Micro-extortion of everyone from teachers to bicycle taxi drivers is funding small criminal groups across Colombia, according to analysts and crime reports, with the small-scale nature of the crime illustrating the country's changing criminal landscape.
A report by El Tiempo collates figures from different Colombian departments to paint a picture of the "Sicilian" style extortion -- so-named for the use of this method in Italian neighborhoods in the United States -- carried out by street gangs.
In three towns in Cordoba, 189 teachers reported paying about $7.90 a month to work; in Tumaco, a town in Nariño, around 1,300 business have been forced to close since 2011; in Barranquilla, shopkeepers must pay about $26.50 monthly; and in Bogota, bicycle taxis pay $1.50 a day.
Nearly 150 different gangs earn up to $105,000 a month from micro-extortion in the major cities of Medellin and Barranquilla, according to the Prosecutor General's Office. Various small groups with no national presence fight for control at a very local level, said one prosecutor.
InSight Crime Analysis
While Colombia has a long history of extortion, the crime has dramatically changed in nature over the years. As explained by El Tiempo, a crime that used to see large sums of money extorted from rich businessmen and multinational companies is now woven into the fabric of daily life in poor communities, with street gangs forcing constant small amounts from anyone they can.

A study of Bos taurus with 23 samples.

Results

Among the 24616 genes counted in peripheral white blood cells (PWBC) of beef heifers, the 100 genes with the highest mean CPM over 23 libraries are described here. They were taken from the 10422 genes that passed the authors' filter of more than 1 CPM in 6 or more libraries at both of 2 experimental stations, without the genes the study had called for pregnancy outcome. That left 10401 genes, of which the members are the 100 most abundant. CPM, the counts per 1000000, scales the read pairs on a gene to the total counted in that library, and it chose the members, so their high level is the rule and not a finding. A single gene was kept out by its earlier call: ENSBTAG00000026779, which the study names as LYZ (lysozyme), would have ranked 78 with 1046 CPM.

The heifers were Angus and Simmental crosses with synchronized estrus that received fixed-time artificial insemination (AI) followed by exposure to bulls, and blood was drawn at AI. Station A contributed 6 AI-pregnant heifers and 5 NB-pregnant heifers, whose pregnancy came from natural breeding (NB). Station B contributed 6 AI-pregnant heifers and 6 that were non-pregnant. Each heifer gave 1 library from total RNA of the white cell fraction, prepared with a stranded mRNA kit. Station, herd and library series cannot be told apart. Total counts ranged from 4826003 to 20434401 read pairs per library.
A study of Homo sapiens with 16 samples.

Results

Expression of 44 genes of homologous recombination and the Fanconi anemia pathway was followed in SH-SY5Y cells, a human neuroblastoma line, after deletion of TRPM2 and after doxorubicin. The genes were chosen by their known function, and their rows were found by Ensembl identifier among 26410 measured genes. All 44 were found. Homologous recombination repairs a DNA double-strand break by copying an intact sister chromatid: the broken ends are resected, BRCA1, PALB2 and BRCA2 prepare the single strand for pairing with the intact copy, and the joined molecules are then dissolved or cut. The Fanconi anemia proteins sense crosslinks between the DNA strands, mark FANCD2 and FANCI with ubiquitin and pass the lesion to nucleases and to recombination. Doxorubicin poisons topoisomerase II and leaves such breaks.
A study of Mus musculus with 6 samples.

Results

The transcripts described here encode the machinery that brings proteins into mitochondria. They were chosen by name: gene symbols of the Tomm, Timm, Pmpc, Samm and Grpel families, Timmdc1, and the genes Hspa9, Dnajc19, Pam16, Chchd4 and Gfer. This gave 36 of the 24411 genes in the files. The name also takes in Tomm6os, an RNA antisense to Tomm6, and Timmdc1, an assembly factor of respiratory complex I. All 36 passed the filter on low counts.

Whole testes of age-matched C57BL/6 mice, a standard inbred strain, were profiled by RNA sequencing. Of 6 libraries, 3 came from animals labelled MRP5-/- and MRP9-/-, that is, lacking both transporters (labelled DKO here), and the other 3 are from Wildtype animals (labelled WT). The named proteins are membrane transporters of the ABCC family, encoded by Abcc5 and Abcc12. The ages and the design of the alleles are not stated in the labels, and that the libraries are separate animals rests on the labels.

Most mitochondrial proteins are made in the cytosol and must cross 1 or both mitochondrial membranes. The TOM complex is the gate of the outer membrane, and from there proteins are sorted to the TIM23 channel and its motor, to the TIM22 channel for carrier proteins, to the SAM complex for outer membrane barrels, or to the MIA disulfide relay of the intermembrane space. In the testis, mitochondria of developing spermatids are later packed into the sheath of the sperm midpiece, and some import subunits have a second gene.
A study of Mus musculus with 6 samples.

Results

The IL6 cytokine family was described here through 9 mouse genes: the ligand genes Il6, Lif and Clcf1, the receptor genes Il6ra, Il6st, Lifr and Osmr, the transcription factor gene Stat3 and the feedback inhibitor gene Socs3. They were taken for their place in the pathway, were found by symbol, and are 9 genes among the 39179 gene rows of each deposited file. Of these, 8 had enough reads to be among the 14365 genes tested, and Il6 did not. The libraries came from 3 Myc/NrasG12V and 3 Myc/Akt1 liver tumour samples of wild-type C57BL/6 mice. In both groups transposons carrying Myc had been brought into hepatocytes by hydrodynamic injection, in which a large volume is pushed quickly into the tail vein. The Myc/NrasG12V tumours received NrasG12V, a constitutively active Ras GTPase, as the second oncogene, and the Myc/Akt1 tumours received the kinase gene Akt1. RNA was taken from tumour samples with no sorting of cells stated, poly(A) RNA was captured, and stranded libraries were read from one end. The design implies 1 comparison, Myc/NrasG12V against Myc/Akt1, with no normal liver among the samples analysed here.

An investigation earlier this year by El Tiempo attributed 83 percent of extortion cases to “common criminals,” illustrating how widespread micro-extortion has become the principal income source for the lowest rung of Colombian organized crime -- a trade estimated to be worth over $1 billion a year. The line between low-level gangs and major criminal organizations such as the Urabeños is not clear cut, however, as the big groups often contract out work to local outfits and small-time criminals often operate using the name of major organizations to frighten their victims.
The government recently proposed almost doubling the maximum sentence for extortion from 18 to 32 years. But given that the small amounts being demanded mean tolerating the "tax" is preferable to the fear of retaliation for reporting it -- and that extortion rackets are run from jails across Latin America -- such a measure seems unlikely to make a real dent in the crime.